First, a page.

U.K. small and medium-sized business (SMB)-focused bank Tide said it has a new relationship with Mastercard that makes Tide one of the card company’s principal issuers, Finextra reported Monday (July 20).
“Entering a strategic partnership with Mastercard and becoming a principal card issuer is an extremely exciting step for Tide,” Tide CEO Oliver Prill said in a prepared statement, according to the report. “We are looking forward to working closely with Mastercard to further develop the innovative service we offer to our members, and to push further forward in our mission to save small business owners time (and money) on their banking and administration.”
Under the multi-year arrangement, Tide will settle funds directly with Mastercard.
“This partnership is testament to the extreme growth Tide has experienced in the past few years,” Prill said. “With over 200,000 SME members now using the platform, Tide is rapidly increasing its market share and quickly catching up to the traditional players. I look forward to seeing what we can achieve in partnership with Mastercard.”
Scott Abrahams, senior vice president, business development and FinTech at Mastercard, said in the prepared statement cited by the news outlet: “Tide [is revolutionizing] business banking for SMEs and we are proud to have worked with them over the past five years since their inception. We are delighted to be expanding our relationship with Tide to continue to develop and offer their ground-breaking services to small business owners.”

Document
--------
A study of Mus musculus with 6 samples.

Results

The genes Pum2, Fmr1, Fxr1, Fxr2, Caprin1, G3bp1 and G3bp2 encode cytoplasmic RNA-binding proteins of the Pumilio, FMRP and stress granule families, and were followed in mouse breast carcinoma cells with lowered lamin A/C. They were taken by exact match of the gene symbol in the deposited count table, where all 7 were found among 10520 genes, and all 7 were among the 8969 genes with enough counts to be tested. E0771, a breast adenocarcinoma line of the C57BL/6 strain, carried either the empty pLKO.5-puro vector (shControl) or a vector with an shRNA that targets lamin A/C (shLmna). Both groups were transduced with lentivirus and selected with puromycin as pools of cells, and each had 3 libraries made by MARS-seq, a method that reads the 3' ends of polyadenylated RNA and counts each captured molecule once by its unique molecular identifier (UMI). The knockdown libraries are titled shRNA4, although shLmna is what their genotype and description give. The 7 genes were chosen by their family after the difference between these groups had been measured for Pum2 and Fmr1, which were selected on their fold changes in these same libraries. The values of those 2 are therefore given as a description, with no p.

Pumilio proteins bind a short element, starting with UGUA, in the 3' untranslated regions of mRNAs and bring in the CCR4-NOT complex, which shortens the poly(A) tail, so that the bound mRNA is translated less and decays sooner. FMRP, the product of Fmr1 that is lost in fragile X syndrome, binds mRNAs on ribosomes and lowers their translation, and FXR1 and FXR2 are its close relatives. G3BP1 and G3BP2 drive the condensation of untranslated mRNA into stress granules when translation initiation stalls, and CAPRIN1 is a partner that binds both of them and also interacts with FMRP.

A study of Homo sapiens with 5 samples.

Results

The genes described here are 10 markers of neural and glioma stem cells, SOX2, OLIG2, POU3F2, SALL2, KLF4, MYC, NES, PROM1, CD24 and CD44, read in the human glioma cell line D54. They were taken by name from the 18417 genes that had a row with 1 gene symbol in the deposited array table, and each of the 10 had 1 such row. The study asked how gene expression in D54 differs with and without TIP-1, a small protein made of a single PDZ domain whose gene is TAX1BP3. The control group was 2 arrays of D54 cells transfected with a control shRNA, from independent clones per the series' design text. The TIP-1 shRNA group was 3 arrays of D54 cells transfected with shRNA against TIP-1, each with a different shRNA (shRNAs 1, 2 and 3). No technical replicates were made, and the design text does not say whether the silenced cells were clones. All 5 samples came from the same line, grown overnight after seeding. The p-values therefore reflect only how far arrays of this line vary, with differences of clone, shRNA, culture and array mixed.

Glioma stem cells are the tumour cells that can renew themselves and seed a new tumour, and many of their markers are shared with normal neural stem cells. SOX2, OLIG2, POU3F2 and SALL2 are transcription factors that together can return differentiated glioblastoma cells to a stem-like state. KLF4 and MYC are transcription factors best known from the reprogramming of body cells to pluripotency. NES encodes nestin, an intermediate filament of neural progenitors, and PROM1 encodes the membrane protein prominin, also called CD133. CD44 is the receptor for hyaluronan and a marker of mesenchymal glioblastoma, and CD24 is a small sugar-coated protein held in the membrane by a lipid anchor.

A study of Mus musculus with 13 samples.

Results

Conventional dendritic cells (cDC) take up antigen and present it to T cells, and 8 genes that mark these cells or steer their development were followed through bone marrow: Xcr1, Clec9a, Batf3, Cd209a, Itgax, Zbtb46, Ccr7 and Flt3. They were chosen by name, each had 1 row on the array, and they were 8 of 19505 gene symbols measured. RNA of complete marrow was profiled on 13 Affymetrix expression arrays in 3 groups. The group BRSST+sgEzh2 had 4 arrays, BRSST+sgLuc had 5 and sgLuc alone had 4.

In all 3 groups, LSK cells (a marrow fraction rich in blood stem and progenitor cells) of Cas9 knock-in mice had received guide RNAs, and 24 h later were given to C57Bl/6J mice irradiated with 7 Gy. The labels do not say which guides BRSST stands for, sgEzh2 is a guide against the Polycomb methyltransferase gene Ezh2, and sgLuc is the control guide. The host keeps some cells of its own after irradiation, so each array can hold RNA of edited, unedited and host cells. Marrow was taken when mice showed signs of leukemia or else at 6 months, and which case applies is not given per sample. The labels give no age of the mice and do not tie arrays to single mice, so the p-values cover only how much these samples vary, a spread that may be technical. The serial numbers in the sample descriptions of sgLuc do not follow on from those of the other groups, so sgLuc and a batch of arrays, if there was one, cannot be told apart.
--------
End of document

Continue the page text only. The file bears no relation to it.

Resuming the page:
Tide, which launched in 2016, has its headquarters is in London. The bank also has offices in Sofia, Bulgaria, and Hyderabad, India.
In October 2019 the company raised $54 million.
In April of this year, Tide launched what it called an “invoice protection program” through which small and medium-sized businesses can protect their cash flow from unpaid invoices or late payments.
According to Tide research, late payments represented a total of 50 billion pounds ($62.3 billion) for U.K. SMBs in 2019. Those businesses spent an average of 1.5 hours per day attempting to get paid.